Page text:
Teen Mental Wellness: Empowering Minds

Students at Waukesha South High School

Teen Mental Wellness: Empowering Minds


Youth and young adults living with a known or unknown mental health distress know that their feelings can’t be resolved by going for a run, thinking happy thoughts, or just logging off social media. They also don’t know what would help, and so they may feel alone and trapped. Schools like Waukesha South High School are looking to change that by working to become a Mental Health School of Distinction through United Way of Greater Milwaukee & Waukesha County’s Teen Mental Wellness: Empowering Minds initiative. 

High school students face an enormous number of expectations, challenges, and insecurities every day. Pressures from school, family, social media, and peers all affect mental health. Some students can address these pressures appropriately. And some are overwhelmed.

“Those pressures about being a certain way, looking a certain way, wearing a certain thing really impact the adolescent mind about fitting in,” said Mary Green, the Student Attendance and Engagement Specialist at Waukesha South. “That’s where they are developmentally, fitting in, developing the ability to be their own person.”

Struggling with mental health can look obvious, like school avoidance or panic attacks in the bathroom, but there are unseen struggles as well, such as a persistent feeling of worry or stress and feeling sad all the time. The disconnect can make someone struggling feel sluggish and unmotivated. The stigma surrounding mental health furthers this disconnect among students.

“Sometimes life just spirals out of hand, and you can’t really control it,” noted Briasia, a sophomore at the school. “From the outside looking in, someone can’t understand it. You can’t really ‘get over it.’”

“Students often have the misconception that what they’re feeling isn’t real,” said Mary. “That mental health means 'you’re crazy.'”

Briasia noted that it’s currently a hard topic to talk about with her friends, but it’s easier when they have shared experiences. She is a member of her school's Peers for Peers club, which supports students’ mental health.

“It's mostly about mental health in general. It's not just about substance use or traumatic experiences. It's about everyday life. And that's what I love about this club, and I encourage people to join it because it really supports the community as a whole. I feel that’s what we need in this generation.”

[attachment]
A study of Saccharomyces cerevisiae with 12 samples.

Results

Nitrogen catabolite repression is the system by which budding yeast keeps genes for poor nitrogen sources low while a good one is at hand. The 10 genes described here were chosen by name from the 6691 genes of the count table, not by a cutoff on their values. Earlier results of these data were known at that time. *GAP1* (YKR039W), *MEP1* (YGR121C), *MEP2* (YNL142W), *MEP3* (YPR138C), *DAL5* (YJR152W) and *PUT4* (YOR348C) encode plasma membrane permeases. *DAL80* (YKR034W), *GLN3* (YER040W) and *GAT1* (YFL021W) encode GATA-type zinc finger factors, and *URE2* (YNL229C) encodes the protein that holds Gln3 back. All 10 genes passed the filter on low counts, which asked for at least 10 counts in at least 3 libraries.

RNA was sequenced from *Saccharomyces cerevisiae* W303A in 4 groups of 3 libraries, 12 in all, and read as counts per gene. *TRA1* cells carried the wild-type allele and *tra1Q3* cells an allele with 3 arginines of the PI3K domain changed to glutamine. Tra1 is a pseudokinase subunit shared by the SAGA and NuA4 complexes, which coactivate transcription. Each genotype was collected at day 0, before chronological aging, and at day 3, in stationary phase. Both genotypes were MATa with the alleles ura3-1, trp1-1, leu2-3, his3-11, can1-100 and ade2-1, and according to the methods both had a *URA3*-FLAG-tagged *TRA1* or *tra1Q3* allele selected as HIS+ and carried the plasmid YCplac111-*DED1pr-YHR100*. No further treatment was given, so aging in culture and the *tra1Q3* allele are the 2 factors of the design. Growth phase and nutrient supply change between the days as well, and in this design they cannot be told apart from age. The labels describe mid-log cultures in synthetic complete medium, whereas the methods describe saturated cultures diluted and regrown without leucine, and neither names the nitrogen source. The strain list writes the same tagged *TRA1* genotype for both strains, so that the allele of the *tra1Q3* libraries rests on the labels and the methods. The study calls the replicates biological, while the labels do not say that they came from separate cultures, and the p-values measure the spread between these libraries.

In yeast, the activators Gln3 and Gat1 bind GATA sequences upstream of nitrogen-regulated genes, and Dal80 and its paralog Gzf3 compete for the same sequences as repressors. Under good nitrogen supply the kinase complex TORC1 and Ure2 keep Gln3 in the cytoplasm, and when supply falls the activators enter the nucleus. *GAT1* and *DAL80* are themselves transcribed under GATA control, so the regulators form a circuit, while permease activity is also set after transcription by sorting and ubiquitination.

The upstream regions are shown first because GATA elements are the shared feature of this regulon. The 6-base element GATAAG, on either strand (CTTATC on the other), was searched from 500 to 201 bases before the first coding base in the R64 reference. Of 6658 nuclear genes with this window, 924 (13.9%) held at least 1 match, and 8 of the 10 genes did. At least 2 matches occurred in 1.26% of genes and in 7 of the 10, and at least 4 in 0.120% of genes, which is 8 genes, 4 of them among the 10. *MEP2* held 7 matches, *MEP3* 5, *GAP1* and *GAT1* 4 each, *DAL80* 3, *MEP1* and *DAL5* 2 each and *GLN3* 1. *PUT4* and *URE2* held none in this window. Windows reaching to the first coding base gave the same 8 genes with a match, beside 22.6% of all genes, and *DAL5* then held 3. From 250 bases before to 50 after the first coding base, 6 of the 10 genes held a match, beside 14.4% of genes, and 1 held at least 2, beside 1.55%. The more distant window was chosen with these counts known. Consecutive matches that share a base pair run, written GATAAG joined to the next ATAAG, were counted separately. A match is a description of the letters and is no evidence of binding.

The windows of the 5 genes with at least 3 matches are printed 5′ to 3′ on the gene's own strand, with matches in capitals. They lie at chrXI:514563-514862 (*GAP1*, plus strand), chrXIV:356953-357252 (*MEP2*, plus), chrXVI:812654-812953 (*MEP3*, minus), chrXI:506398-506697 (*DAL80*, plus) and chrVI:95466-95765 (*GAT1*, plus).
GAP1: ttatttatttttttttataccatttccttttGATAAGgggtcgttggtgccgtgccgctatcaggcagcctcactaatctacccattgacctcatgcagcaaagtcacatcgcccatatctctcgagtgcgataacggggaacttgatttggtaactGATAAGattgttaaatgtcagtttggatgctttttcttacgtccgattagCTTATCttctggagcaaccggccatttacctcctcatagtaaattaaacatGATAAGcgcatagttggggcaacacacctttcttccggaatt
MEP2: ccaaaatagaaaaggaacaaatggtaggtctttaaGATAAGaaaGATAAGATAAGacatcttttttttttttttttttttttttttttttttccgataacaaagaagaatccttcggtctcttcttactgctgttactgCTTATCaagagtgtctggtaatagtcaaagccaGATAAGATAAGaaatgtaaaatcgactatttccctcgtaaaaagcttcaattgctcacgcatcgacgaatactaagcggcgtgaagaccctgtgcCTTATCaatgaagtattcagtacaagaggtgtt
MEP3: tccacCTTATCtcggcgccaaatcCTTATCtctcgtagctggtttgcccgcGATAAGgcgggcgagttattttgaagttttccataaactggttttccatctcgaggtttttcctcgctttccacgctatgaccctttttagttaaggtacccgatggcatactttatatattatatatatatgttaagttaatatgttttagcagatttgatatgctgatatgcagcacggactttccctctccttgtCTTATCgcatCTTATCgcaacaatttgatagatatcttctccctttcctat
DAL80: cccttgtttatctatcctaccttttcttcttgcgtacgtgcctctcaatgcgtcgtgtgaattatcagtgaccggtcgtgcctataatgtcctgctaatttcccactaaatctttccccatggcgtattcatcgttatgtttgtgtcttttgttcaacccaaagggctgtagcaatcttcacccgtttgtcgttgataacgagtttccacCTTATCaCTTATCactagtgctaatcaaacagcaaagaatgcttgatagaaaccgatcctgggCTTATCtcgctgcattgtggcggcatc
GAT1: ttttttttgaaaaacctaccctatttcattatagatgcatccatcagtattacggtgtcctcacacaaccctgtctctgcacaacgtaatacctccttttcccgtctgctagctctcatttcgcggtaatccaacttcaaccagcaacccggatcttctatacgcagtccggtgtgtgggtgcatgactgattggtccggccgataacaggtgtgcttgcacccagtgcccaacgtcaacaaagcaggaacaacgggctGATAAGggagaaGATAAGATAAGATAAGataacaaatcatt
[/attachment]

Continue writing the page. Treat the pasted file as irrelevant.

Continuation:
Teen Mental Wellness: Empowering Minds is a unique health initiative because it’s centered in schools, which allows help to reach youth where they spend most of their day. According to the CDC, 44% of American teenagers felt persistent feelings of sadness or hopelessness in 2021, which is the highest level ever recorded. Data from the CDC also shows that more than a third of high school students reported they experienced poor mental health during the height of the pandemic. According to the World Health Organization, half of all mental health conditions start by age 14, with most cases going undetected and untreated until many years later or sometimes not at all. Through United Way’s Teen Mental Wellness: Empowering Minds initiative, teens and their families will have access to healthier school environments.

When students aren’t in school, friends and families can take what they learn home.

Mary Green, the Student Attendance and Engagement Specialist at Waukesha SouthJust be a good listener,” Mary urged. “Pay attention to what you see, what your child is saying. Carve out time to check in with your child. ‘How’s it going? What can I help with? What are you stressed about?’”

She also noted that many parents have a misconception that mental health is a phase. “If it lasts longer than two weeks, we need to look more into what’s going on. Other kids, other people, have issues too, and it does not mean 'you’re crazy'. It means something isn’t right and there are people and ways to make it better so you can go on and achieve what you want to achieve.”

“It’s not just a minor thing or an easy fix,” Briasia said. “Your child is trying.”

The Teen Mental Wellness: Empowering Minds initiative is still in its first year, but already has schools buzzing. Students and staff at Waukesha South High School and beyond look forward to its impact. 

“It has the opportunity to expose awareness to so many students, families, and teachers,” Mary said reflecting on the initiative. “It’s going to bring mental health to the forefront and make it okay to get help.”


When you give to United Way, you're not just making a donation. You're changing a life. Briasia, Mary, Waukesha South High School, and the mental health experts who helped make Teen Mental Wellness: Empowering Minds a reality remind us that to live better, we must Live United.

Are you in crisis? If you or someone you know needs support now, reach out to the 988 Suicide and Crisis Lifeline. Call or text 988, or chat 988lifeline.org.